This novel has a terrifically compelling premise. In an alternate world, instead of settling in Israel, disenfranchised Jews are given a homeland by the British government in East Africa. I have to admit that I brought some expectations and hopes into the reading of Unholy Land because I had recently finished reading the superb novel Everfair by Nisi Shawl, which posits the establishment of a homeland for native-born whites and freed slaves in central Africa. Shawl’s book goes deep into the lives of the characters, their backgrounds, their motivations, and their dreams, so that the reader becomes profoundly invested in the story as it sweeps forward through decades and generations. I was expecting something similar from Tidhar: a comprehensive look at a unique and fascinating society.
Tidhar, however, takes the different approach of action and adventure. Thus the pace of the novel is rapid, but the characters are not explored in depth. In fact, they remain little-understood enigmas rushing pell-mell through one crisis after another, diving and sliding through multiple universes whose significance and histories they do not comprehend. It makes for an entertaining chase through an East African backdrop reminiscent of present day Israel and Palestine, but leaves little time to become invested in the characters or the society to which they may or may not belong.
One of the strengths of the novel is its attention to background details such as the flora, fauna, sights, and smells of the African towns and countryside. Tidhar has lived in Africa and in Israel, and he gives these elements impressive verisimilitude. It’s also always refreshing to read speculative fiction stories set in countries and cultures that are not the United States. Yet as I mentioned, Tidhar only skims the surface of the fascinating society he has created in the frantic rush of his characters to avoid doom and destruction. There is also no mention of why or how these strange parallel universes exist – which I suppose is fine, as enigmas and mysteries have always existed and will probably continue to turn up as we further explore the universe.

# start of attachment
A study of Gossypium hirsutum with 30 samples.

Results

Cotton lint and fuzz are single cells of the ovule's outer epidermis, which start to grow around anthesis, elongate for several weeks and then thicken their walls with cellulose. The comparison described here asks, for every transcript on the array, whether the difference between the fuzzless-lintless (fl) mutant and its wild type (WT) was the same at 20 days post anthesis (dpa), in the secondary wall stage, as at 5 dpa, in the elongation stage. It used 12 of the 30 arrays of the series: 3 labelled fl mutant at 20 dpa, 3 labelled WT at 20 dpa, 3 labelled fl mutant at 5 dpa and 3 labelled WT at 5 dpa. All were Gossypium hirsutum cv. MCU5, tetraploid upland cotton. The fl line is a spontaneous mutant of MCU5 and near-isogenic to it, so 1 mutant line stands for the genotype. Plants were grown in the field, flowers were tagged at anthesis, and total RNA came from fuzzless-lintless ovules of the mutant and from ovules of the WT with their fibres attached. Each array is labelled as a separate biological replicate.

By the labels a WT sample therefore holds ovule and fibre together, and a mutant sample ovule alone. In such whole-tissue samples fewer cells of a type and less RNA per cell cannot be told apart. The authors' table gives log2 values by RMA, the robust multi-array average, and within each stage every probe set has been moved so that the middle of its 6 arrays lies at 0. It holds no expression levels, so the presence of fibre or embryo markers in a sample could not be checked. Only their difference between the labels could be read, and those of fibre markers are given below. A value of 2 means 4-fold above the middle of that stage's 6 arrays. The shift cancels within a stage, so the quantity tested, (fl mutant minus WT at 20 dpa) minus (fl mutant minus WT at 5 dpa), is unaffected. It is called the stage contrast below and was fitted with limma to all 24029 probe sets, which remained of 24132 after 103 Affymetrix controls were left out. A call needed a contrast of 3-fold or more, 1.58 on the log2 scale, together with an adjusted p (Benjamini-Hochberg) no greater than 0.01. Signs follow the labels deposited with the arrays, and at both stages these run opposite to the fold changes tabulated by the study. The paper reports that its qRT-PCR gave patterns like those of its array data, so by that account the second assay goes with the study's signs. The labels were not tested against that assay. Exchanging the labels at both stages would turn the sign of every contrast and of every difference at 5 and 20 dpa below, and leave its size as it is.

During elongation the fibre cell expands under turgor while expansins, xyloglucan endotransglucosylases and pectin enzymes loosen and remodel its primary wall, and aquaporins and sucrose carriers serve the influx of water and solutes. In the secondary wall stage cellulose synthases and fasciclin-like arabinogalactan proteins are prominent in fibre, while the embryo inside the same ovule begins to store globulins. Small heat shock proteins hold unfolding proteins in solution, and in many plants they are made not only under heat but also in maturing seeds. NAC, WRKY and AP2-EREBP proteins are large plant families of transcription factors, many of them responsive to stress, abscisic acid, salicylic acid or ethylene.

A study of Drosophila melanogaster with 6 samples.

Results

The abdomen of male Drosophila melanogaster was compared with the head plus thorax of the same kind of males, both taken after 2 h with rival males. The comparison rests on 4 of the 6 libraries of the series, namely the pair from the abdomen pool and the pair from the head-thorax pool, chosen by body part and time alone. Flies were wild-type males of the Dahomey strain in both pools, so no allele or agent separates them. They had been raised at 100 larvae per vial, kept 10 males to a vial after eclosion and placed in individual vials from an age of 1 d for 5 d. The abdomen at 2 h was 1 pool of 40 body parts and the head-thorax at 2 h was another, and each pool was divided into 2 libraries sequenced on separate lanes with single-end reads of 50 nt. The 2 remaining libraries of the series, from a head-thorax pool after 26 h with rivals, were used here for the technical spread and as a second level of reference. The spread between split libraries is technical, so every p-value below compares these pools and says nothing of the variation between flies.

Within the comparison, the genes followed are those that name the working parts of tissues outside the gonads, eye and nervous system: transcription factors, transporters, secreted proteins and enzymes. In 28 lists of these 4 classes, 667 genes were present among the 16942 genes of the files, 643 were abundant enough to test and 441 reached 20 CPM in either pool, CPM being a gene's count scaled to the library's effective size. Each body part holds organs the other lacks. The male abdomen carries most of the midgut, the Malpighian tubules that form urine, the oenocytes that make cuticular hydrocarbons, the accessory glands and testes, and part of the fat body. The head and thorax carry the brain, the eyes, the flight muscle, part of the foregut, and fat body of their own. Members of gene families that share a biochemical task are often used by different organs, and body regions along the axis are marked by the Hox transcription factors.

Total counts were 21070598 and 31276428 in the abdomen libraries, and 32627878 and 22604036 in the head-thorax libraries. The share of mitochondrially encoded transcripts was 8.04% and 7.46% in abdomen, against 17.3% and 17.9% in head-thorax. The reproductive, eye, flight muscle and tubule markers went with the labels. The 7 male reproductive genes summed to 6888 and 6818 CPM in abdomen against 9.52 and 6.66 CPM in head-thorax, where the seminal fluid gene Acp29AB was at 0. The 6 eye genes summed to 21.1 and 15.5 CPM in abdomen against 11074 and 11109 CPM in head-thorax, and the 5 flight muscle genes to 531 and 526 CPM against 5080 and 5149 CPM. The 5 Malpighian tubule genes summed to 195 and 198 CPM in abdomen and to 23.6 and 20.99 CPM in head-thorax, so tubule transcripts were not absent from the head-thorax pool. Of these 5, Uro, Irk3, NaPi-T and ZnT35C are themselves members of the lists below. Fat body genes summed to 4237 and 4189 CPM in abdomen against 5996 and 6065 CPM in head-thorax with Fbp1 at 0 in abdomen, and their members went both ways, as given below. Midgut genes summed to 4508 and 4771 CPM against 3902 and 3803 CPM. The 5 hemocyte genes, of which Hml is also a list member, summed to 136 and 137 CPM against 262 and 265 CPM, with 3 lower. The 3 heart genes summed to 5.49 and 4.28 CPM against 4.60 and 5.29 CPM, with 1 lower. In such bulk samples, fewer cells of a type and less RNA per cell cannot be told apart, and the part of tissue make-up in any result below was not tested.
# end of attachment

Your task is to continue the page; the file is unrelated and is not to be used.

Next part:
One aspect of the book that didn’t work for me and in fact I found annoying is the way that Tidhar switches between first, second, and third person when he focuses on the three main characters. Rather than serving any particular purpose for plot, style, or characterization, it’s just there. I think the story would have been easier to follow without this contrivance. Instead of immersing me further, it jarred me out of the continuity so that sometimes I struggled to follow what was going on. I’m not saying it’s wrong generally to mix these points of view; I’ve used the device myself in short stories. I’m just saying that it doesn’t work here in this novel. I recall the great master of stylistic flourishes such as multiple tenses and points of view, Robert Silverberg. There was a time during the New Wave in science fiction in the late 60s and early 70s when it seemed that most of the stories he published were complex stylistically, and yet there was always a reason for the embellishments and they always made the stories easier to grasp, not more difficult.
All in all, Unholy Land is a flawed yet very entertaining book, still well worth reading in spite of its defects.